REDDING, Calif. -

Word on the street is an El Nino is on the way.  And while that is true it does raise some questions as to what exactly an El Nino is, and what does it mean for Northern California.

Well, an El Nino is a natural semi-climatic shift caused by oscillations in the Pacific Ocean.  It’s caused when warmer water starts to shift eastward and piles up along the western coast of South America.

These temperatures anomalies can be in the area of 5 to 10 degrees above average and have all sorts of different implications on the weather around the globe.  El Ninos bring warmer weather to some places and cooler weather to others along with moving moisture around to places that are normally drier.

For the west coast it really depends on where you are and the exact patterns that set up to see whether areas will get more or less precipitation.

Generally, the Pacific Northwest will see drier weather whereas the Desert Southwest will see wetter conditions during the winter months during an El Nino.

That means that areas like Los Angeles, San Diego and Las Vegas will see more rain than normal whereas Seattle and Portland will get less rain and snow.

Redding, San Francisco and Sacramento are in the awkward transition zone.  They aren’t quite far enough north to be consistently drier than normal, but aren’t far enough south to get the rainfall benefits the desert states see during El Nino years.

It’s all caused by a shift in the jet stream.  In an El Nino year an anomalous area of low pressure forms in the Gulf of Alaska.  That allows the jet stream to push farther south and become more zonal (flowing straight east to west).

The zonal flow allows more moisture to be entrained into the flow and directs the subtropical fire hose directly at California. 

In addition, an upper level trough forms with its axis situated directly over the west coast.  That trough directs the storms southward and pushes them onshore farther south than they normally would.

It all adds up to more frequent storms and more frequent atmospheric rivers flowing off the ocean, bringing more rain and snow to California.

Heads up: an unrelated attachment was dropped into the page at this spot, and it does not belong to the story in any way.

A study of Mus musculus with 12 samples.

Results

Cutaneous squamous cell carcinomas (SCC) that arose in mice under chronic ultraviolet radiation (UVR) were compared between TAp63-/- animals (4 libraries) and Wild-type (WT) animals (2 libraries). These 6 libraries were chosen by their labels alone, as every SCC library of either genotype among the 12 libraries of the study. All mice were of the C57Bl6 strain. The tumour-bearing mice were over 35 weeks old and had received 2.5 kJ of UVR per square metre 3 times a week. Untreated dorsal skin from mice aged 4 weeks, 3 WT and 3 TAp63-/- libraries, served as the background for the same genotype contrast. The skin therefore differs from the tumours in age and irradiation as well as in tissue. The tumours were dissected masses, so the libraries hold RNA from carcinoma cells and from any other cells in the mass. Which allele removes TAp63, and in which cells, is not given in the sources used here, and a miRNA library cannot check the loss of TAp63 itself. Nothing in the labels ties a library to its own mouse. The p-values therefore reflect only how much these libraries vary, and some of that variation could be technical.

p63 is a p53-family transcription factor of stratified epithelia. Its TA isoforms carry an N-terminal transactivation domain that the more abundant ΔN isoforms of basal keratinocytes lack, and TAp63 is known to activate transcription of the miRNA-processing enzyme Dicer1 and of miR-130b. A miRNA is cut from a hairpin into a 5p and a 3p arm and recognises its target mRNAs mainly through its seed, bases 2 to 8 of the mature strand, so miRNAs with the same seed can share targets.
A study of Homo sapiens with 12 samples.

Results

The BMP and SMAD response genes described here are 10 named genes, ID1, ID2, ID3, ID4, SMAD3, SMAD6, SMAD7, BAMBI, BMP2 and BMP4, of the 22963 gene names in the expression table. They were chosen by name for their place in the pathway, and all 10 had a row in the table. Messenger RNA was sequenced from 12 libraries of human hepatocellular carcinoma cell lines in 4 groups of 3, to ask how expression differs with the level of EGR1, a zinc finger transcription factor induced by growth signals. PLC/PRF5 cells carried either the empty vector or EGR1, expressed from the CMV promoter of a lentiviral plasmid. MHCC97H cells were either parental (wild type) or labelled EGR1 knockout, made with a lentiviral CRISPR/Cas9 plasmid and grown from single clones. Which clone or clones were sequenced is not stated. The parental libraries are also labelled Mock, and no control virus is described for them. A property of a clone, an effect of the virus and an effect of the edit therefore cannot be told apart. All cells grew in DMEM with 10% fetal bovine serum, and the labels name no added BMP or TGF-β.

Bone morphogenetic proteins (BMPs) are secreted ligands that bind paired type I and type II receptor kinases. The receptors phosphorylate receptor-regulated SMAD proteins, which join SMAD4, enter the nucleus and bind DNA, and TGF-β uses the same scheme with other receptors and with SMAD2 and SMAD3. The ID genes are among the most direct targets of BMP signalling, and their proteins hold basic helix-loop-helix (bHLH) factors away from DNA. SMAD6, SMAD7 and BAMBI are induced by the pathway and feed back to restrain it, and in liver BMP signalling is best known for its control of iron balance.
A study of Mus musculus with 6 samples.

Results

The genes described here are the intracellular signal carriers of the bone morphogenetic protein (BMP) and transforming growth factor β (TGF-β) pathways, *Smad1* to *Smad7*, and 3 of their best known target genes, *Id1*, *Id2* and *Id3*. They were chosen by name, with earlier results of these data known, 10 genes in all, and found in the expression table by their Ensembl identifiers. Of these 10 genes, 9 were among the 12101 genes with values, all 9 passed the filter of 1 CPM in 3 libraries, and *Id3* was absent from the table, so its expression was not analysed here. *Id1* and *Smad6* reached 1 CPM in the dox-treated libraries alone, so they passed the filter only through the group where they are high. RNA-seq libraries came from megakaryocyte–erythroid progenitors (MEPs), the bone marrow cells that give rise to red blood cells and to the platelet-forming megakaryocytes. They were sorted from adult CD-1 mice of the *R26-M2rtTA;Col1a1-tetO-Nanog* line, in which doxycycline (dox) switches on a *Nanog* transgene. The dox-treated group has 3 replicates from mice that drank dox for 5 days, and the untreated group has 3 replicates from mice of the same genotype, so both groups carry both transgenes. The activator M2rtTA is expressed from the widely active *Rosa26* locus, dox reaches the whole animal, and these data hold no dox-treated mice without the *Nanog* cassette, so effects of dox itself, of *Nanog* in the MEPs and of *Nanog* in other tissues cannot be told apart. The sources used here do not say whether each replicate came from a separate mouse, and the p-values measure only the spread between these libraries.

The part that gets complicated to forecast – and climate studies done by the national weather service have shown this – is what exactly will happen to Northern California.

On average, northern California receives 9.6 inches more liquid precipitation than average during a strong El Nino.  But on the same token, two years on record have received 14 fewer inches of precipitation during a strong El Nino.

That story holds true for both moderate and weak El Nino.  A moderate El Nino there is no statistical difference between it and a normal year – with years seeing as much as 35” more precipitation and as little as 21” less.

A weak El Nino averages plus 2” but also has a pretty crazy spread.  1977 was an El Nino year and stands as the driest water year on record for California with Northern California receiving 31 inches less precipitation than average.

In conclusion, El Nino means an extreme of something for the Northstate. The jet stream can certainly result in a storm track that favors an increase in precipitation for Northern California, but it is far from certain.

Currently the equatorial pacific is in a weak El Nino, with sea surface temperatures between 1° and 5° above average.  Models are also forecasting that to increase to between 2° and 8° above average by the middle of the summer with an 80% that an El Nino will form by November.

Let’s hope this El Nino is the wet type and pushes California out of the extreme drought most of the state is experiencing.